Akemi Takayama, violin

A native of Japan, Akemi Takayama showed promise as a violinist from an early age, beginning her performance career at age 15. In Japan, she studied with Toshiya Eto and Ryosaku Kubota at the Toho School of Music in Tokyo, where she earned a bachelor’s degree in music performance. In the United States, she earned a Professional Studies degree at the University of Wyoming, studying with Brian Hanly. During her graduate studies, Takayama was a teaching assistant to famed violinist and pedagogue Donald Weilerstein at the Cleveland Institute of Music, where she earned both the Artist Diploma and a Master of Music degree.
Praised by Isaac Stern as a “true musician,” Akemi Takayama was invited to participate in the Marlboro Music Festival in 1997. Recent solo performances with orchestras include Daugherty’s Fire and Blood and Ladder to the Moon, Mendelssohn’s Violin Concerto and Double Concerto, Vivaldi’s The Four Seasons, Piazzolla’s The Four Seasons of Buenos Aires, Pärt’s Fratres, Bach’s Violin Concerto in E Major, Chausson’s Poème, Saint-Saëns’ Introduction and Rondo Capriccioso, Beethoven’s Violin Concerto and Triple Concerto, Brahms’ Double Concerto for Violin and Cello, Mozart’s Violin Concerto #5, Roskott’s Violin Concerto, and Barber’s Violin Concerto.
In addition to concert seasons with the Roanoke Symphony Orchestra and the Williamsburg Symphonia, recent collaborations include the Opera Roanoke, Shenandoah Performs, the Chamber Orchestra of Southwest Virginia, and the New Orchestra of Washington. Takayama was a member of the internationally celebrated Audubon Quartet for fourteen years, during which time the group toured regionally and nationally and made a number of CD recordings on the Centaur and Composers labels.
Active as an educator and arts advocate throughout Virginia, Takayama has served as the chair for College Advisory Committee for the Virginia String Teachers Association. She has served on the faculties of the Chautauqua Institute in New York, the Idyllwild School for the Arts in California, the Brevard Music Center in North Carolina, Shenandoah Performs in Virginia, and Virginia Tech. In addition to teaching on the faculty at Shenandoah University (since 2007), Takayama was invited to teach at the Oberlin Conservatory in the fall semester of 2012.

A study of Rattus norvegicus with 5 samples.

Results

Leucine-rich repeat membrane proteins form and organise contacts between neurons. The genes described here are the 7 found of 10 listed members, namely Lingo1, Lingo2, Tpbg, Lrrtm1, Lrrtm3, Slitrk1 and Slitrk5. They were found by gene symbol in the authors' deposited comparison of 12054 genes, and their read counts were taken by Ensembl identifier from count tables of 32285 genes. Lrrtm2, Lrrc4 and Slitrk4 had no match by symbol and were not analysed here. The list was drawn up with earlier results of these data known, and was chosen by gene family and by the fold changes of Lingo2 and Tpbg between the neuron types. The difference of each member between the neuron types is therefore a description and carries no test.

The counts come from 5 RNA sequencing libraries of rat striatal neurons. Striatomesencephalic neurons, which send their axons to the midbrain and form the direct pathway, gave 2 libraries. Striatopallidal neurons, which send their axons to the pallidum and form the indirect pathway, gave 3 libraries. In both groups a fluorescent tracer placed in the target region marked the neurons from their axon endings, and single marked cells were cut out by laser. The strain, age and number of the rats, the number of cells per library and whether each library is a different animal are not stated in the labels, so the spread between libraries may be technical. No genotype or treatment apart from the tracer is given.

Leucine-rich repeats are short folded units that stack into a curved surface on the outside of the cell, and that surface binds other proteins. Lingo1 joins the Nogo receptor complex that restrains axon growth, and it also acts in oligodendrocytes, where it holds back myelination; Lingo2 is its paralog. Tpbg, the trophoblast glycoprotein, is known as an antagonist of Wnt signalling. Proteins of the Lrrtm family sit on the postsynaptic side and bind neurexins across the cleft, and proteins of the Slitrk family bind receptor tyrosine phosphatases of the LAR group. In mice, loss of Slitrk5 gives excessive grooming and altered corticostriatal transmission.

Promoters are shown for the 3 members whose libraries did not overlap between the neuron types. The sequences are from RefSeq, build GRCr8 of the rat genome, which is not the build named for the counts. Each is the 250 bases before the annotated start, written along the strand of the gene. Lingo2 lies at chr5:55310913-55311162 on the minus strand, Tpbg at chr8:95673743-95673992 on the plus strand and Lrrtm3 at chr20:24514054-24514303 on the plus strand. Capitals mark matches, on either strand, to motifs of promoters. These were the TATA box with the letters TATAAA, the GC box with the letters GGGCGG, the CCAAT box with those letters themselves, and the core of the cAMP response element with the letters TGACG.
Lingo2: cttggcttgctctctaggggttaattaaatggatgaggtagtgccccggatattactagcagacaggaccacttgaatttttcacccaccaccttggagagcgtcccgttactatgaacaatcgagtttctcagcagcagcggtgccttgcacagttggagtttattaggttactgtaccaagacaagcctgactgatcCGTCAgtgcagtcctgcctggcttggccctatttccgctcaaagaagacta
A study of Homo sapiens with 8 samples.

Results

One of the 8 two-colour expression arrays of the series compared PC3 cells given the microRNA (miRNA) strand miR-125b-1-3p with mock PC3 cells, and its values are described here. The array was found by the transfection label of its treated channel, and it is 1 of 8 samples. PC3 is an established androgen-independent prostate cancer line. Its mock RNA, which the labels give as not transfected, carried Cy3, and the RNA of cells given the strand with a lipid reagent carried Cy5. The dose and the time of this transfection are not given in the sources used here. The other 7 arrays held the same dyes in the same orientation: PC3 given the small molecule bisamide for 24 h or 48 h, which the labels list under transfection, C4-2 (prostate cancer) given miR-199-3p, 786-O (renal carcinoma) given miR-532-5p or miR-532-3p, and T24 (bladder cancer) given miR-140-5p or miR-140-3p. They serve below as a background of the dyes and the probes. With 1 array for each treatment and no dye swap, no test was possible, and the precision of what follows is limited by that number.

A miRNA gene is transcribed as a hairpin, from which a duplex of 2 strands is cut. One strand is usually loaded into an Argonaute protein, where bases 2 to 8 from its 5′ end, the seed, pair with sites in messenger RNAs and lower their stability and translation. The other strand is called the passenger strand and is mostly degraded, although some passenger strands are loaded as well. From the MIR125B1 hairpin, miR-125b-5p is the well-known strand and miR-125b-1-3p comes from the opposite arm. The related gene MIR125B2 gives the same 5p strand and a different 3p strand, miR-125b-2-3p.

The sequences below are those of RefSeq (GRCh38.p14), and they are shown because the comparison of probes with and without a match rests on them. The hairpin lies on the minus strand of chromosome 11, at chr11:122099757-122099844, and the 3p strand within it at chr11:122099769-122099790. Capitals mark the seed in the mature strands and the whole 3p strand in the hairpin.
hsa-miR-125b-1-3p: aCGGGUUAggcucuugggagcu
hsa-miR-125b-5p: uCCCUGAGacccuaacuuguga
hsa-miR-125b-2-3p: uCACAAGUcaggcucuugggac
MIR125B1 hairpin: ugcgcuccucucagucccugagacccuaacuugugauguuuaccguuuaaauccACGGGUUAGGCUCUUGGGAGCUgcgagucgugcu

An inspiring educator, Takayama has taught countless violinists who now have successful careers performing chamber music and playing in orchestras. Many of her students have been accepted to pursue Master of Music or Doctor of Musical Arts degree studies at schools such as Indiana University, Boston Conservatory, Oberlin, Florida State University, Case Western Reserve University, University of North Carolina at Greensboro, University of North Carolina School of the Arts, East Carolina University, and The Catholic University of America. Some have gone into music education, teaching at institutions such as the Princeton Shenzhen International Children’s Learning Center Education in Shenzhen, China; the Community School of The Arts in Charlotte, North Carolina; and the International School of Music in Bethesda, Maryland.
Akemi Takayama has recorded many solo performances on CD with Blackwater Recording. Her ongoing projects include recording the Roskott Violin Concerto on Centaur Records and her performances of Beethoven’s Sonatas for Piano and Violin and Sonata Duo, both with renowned pianist John O’Conor. She plays on a Santino Lavazza violin made in 1714 and a Francois Xavier Tourte bow kindly loaned by the Ryuji Ueno Foundation and the RJ Fund.